Technical Change, Pecuniary Externality and the Market Failure
AbstractFirst, a small open economy is analyzed to show that even a complete and competitive market may fail to produce Pareto-efficient outcomes under conditions of changing technology. It is mainly because price- taking agents can make the prices they face by changing their technology or technique of production. It is then shown that this result holds equally true for the regional sub-economies of this economy. A legal provision of R&D tax/subsidy based on payroll changes is shown to be a second best policy that corrects the market failure with a small dead- weight loss. This policy does not require actual tax collection or subsidy payment and may be used by regional governments to correct technological market failure at regional levels. The provision improves the functioning of the market by eliminating the mismatch between the type of production sector and the type of technological/technical change they introduce.
Download InfoIf you experience problems downloading a file, check if you have the proper application to view it first. In case of further problems read the IDEAS help page. Note that these files are not on the IDEAS site. Please be patient as the files may be large.
Bibliographic InfoPaper provided by EconWPA in its series GE, Growth, Math methods with number 9609001.
Length: 20 pages
Date of creation: 27 Sep 1996
Date of revision: 29 Sep 1996
Note: Type of Document - Word 7.0; prepared on IBM PC ; to print on HP LaserJet 4; pages: 20; figures: included
Contact details of provider:
Web page: http://126.96.36.199
Technical Change; Pecuniary Externality; Market Failure;
Find related papers by JEL classification:
- D6 - Microeconomics - - Welfare Economics
- O - Economic Development, Technological Change, and Growth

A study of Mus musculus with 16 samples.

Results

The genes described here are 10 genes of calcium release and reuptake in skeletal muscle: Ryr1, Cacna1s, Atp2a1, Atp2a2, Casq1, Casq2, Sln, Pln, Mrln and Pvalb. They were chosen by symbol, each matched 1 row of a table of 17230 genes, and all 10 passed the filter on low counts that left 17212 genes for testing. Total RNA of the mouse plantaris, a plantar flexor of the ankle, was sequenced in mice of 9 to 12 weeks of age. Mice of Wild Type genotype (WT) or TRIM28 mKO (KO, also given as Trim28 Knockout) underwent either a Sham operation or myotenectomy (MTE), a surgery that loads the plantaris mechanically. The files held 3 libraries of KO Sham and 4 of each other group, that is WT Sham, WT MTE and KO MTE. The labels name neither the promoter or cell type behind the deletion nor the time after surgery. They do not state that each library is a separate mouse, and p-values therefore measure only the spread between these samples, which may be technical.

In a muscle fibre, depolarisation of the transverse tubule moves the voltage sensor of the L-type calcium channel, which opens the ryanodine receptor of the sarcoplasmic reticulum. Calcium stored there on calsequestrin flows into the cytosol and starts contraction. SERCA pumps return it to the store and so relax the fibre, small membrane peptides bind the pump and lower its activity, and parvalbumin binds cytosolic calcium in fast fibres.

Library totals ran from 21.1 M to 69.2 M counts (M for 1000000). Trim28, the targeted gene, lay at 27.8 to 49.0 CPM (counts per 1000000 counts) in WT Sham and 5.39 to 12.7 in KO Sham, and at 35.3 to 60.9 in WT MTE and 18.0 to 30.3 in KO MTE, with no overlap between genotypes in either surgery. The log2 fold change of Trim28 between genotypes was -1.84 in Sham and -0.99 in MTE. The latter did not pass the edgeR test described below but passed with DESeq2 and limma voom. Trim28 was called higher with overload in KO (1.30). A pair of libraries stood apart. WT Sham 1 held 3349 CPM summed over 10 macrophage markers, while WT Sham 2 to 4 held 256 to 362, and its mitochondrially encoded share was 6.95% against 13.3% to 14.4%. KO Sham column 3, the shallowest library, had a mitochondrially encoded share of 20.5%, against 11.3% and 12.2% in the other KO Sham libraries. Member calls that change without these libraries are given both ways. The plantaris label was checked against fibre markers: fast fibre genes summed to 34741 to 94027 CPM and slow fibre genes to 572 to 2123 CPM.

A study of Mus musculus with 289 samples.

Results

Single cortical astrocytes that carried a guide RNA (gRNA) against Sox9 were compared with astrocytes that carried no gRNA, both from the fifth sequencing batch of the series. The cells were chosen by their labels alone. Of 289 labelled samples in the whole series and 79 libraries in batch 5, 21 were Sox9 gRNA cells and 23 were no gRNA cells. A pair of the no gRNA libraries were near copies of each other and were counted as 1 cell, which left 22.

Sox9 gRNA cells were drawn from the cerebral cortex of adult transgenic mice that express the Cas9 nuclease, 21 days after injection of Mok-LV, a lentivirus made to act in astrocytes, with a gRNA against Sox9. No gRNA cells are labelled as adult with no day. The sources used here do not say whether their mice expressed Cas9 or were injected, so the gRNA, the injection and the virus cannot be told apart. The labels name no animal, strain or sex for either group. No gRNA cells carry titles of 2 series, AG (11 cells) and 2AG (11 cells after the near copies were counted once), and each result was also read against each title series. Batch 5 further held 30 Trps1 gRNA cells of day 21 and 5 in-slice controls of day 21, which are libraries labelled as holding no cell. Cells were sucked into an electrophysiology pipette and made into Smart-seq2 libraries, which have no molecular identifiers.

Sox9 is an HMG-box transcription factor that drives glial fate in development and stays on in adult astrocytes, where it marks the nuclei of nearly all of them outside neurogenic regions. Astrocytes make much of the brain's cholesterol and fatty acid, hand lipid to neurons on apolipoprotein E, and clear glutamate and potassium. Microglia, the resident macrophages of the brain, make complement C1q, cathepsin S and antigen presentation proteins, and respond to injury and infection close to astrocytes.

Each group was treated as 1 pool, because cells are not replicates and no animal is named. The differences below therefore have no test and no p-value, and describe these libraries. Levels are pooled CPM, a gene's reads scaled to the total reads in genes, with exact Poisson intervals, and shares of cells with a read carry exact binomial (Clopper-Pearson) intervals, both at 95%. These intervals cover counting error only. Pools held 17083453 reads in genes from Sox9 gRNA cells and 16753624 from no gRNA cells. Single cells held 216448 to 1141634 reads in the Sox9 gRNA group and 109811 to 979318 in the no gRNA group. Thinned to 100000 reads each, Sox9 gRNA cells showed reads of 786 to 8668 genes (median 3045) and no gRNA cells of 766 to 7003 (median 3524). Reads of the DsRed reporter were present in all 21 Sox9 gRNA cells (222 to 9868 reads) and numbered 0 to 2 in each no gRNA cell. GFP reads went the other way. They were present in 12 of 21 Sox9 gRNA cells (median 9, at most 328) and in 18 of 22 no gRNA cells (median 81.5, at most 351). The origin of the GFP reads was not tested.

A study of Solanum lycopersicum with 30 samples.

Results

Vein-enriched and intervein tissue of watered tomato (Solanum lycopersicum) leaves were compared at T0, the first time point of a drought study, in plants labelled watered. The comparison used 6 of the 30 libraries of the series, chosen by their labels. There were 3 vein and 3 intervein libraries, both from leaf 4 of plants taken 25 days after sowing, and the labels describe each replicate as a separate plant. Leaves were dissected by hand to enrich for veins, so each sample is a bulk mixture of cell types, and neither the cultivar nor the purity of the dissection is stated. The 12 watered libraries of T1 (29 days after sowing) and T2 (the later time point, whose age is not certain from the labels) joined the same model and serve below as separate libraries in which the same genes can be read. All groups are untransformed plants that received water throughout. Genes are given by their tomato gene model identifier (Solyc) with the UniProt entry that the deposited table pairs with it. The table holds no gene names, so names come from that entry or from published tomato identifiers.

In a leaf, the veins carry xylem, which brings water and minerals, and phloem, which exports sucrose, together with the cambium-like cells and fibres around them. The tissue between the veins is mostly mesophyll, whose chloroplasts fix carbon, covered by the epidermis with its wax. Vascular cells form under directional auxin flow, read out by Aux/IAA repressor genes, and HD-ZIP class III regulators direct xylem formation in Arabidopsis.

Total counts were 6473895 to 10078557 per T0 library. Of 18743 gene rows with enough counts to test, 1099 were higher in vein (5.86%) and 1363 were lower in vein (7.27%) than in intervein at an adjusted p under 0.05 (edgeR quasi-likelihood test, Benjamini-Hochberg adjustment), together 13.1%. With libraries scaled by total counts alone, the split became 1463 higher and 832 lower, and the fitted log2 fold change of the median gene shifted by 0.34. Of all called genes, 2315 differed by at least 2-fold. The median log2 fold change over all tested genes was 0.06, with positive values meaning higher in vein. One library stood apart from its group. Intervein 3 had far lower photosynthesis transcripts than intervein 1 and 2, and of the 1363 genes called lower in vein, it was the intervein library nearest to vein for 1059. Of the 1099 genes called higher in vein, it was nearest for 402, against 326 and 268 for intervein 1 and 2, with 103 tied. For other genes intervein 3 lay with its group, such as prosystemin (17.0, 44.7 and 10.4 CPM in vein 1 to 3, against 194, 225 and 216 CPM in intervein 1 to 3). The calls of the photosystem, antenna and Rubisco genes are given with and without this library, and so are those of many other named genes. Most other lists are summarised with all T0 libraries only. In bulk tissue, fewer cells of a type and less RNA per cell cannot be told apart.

- P - Economic Systems
Please report citation or reference errors to , or , if you are the registered author of the cited work, log in to your RePEc Author Service profile, click on "citations" and make appropriate adjustments.:
- Ng, Yew-Kwang, 1983. "Rents and Pecuniary Externalities in Cost-Benefit Analysis: Comment," American Economic Review, American Economic Association, vol. 73(5), pages 1163-70, December.
- Makowski, Louis & Ostroy, Joseph M, 1995.
"Appropriation and Efficiency: A Revision of the First Theorem of Welfare Economics,"
American Economic Review,
American Economic Association, vol. 85(4), pages 808-27, September.
- Lewis Makowski & Joseph Ostroy, 2010. "Appropriation and Efficiency: A Revision of the First Theorem of Welfare Economics," Levine's Working Paper Archive 1386, David K. Levine.
- Tibor Scitovsky, 1954. "Two Concepts of External Economies," Journal of Political Economy, University of Chicago Press, vol. 62, pages 143.
- Scotchmer, Suzanne, 1986. "Local public goods in an equilibrium : How pecuniarv externalities matter," Regional Science and Urban Economics, Elsevier, vol. 16(4), pages 463-481, November.
- Loong, Lee Hsien & Zeckhauser, Richard, 1982. "Pecuniary Externalities Do Matter When Contingent Claims Markets Are Incomplete," The Quarterly Journal of Economics, MIT Press, vol. 97(1), pages 171-79, February.
- WILDASIN, David E., .
"Indirect distributional effects in benefit-cost analysis of small projects,"
CORE Discussion Papers RP
-807, Université catholique de Louvain, Center for Operations Research and Econometrics (CORE).
- Wildasin, David E, 1988. "Indirect Distributional Effects in Benefit-Cost Analysis of Small Projects," Economic Journal, Royal Economic Society, vol. 98(392), pages 801-07, September.
- Foster, Edward, 1983. "Rents and Pecuniary Externalities in Cost-Benefit Analysis: Reply," American Economic Review, American Economic Association, vol. 73(5), pages 1171-72, December.
For technical questions regarding this item, or to correct its authors, title, abstract, bibliographic or download information, contact: (EconWPA).
If references are entirely missing, you can add them using this form.